Friday, October 10, 2014

Thinking seven generations forward


Someone at the Economic Summit meeting in Sun Valley this week said that if the same percentage of the local population in Los Angeles, Calif., attended such a summit, the participants would have filled the Rose Bowl and left 40,000 people waiting in the parking lot.
    Around 240 people spent Wednesday discussing the state of the local economy, its strengths, weaknesses and opportunities.
    They were wowed by keynote speaker Mayor Bob Dixson of Greensburg, Kan., who made the astonishing statement that residents in his town had to decide if they would be “humbly grateful” or “grumbly hateful” for the “opportunity” presented to residents by a monster tornado that leveled the town in 2007 and left everyone homeless with no food, water or electricity.
    Dixson is no starry-eyed dreamer who spins gossamer tales for willingly gullible listeners. He and his practical Midwest neighbors harnessed their relationships and their strong sense of place, and yoked them together with government and private investments. They rebuilt Greensburg as a living laboratory of energy-wise construction and wind and solar power-generation facilities.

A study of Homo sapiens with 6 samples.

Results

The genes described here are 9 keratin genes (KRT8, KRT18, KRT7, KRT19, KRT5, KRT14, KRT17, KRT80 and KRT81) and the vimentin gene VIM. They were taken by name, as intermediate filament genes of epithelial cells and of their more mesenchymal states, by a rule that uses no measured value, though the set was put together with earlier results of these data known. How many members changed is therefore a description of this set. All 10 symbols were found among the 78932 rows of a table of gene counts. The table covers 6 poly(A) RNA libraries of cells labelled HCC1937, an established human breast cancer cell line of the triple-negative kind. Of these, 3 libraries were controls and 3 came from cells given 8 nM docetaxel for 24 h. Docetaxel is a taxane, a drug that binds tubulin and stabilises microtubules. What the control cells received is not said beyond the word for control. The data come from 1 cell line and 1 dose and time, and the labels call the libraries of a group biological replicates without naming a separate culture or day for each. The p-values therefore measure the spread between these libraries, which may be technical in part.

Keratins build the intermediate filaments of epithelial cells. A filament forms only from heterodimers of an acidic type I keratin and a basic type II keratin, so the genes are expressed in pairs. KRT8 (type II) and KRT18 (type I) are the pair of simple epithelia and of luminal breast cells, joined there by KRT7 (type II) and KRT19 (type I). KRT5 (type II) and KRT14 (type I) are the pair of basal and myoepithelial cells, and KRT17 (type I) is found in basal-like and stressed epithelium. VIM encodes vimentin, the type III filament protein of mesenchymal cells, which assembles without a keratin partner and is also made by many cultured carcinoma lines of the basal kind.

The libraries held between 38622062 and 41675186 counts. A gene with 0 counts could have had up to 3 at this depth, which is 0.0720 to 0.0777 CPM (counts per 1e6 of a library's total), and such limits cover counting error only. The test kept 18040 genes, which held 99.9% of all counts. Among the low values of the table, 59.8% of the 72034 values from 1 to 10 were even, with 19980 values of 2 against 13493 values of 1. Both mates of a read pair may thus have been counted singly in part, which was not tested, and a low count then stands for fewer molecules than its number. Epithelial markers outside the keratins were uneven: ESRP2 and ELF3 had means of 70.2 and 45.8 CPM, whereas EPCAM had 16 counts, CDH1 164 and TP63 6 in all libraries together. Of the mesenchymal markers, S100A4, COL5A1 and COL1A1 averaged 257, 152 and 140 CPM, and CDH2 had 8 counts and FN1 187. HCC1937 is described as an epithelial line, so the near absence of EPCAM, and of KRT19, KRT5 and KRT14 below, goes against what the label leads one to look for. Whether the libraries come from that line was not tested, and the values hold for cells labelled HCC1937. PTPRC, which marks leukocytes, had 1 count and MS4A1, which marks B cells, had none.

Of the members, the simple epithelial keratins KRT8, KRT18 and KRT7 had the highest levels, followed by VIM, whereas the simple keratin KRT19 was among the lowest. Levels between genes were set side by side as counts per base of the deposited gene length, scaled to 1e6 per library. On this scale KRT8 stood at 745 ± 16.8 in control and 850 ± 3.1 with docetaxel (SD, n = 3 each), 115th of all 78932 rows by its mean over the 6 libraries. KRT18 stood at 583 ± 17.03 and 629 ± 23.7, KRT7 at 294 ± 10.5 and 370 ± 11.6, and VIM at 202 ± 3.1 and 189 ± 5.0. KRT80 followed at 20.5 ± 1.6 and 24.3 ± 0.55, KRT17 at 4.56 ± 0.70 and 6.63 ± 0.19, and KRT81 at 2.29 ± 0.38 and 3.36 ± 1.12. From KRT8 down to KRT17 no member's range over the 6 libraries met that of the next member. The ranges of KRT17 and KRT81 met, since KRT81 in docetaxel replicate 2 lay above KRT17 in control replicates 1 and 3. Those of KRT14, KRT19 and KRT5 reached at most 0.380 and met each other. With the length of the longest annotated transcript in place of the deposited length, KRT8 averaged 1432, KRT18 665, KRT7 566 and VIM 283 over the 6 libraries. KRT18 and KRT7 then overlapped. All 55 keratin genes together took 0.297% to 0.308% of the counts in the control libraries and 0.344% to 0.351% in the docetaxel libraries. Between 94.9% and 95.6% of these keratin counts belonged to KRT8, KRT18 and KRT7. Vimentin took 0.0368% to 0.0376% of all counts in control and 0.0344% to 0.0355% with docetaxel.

Dixon is an evangelist for the sound business case for green construction and green energy and for the wisdom that people should face their disasters head-on, learn from them and live on. He believes that communities should project the impacts of their decisions of today seven generations forward.
    In two major wildfires, Sun Valley-area people looked down the barrel of potential destruction and didn’t blink. Businesses survived, events rebounded and the economy is slowly, but steadily improving because of sound decisions made by local voters, business investors and solid local leaders. Unfortunately, global conditions mean that the fires may not be the last crises the area is forced to face.
    One participant in the Economic Summit spoke the words that send shivers through areas with an economy based on winter sports: climate change. In response, Hailey City Council member Carol Brown announced the formation of a local Climate Adaptation Planning Group.
    In Dixson’s view, such an enormous threat is an opportunity to figure out how to change, adapt and survive well.
    Tornados are not part of life in the Intermountain West. Even so, Sun Valley-area residents are going to have many opportunities to find ways to address and adapt to the global climate threat.
    With its energetic people and resources, our area may have the best chance of any place in Idaho to put change on the ground and create a sustainable model for life, now and for seven generations forward.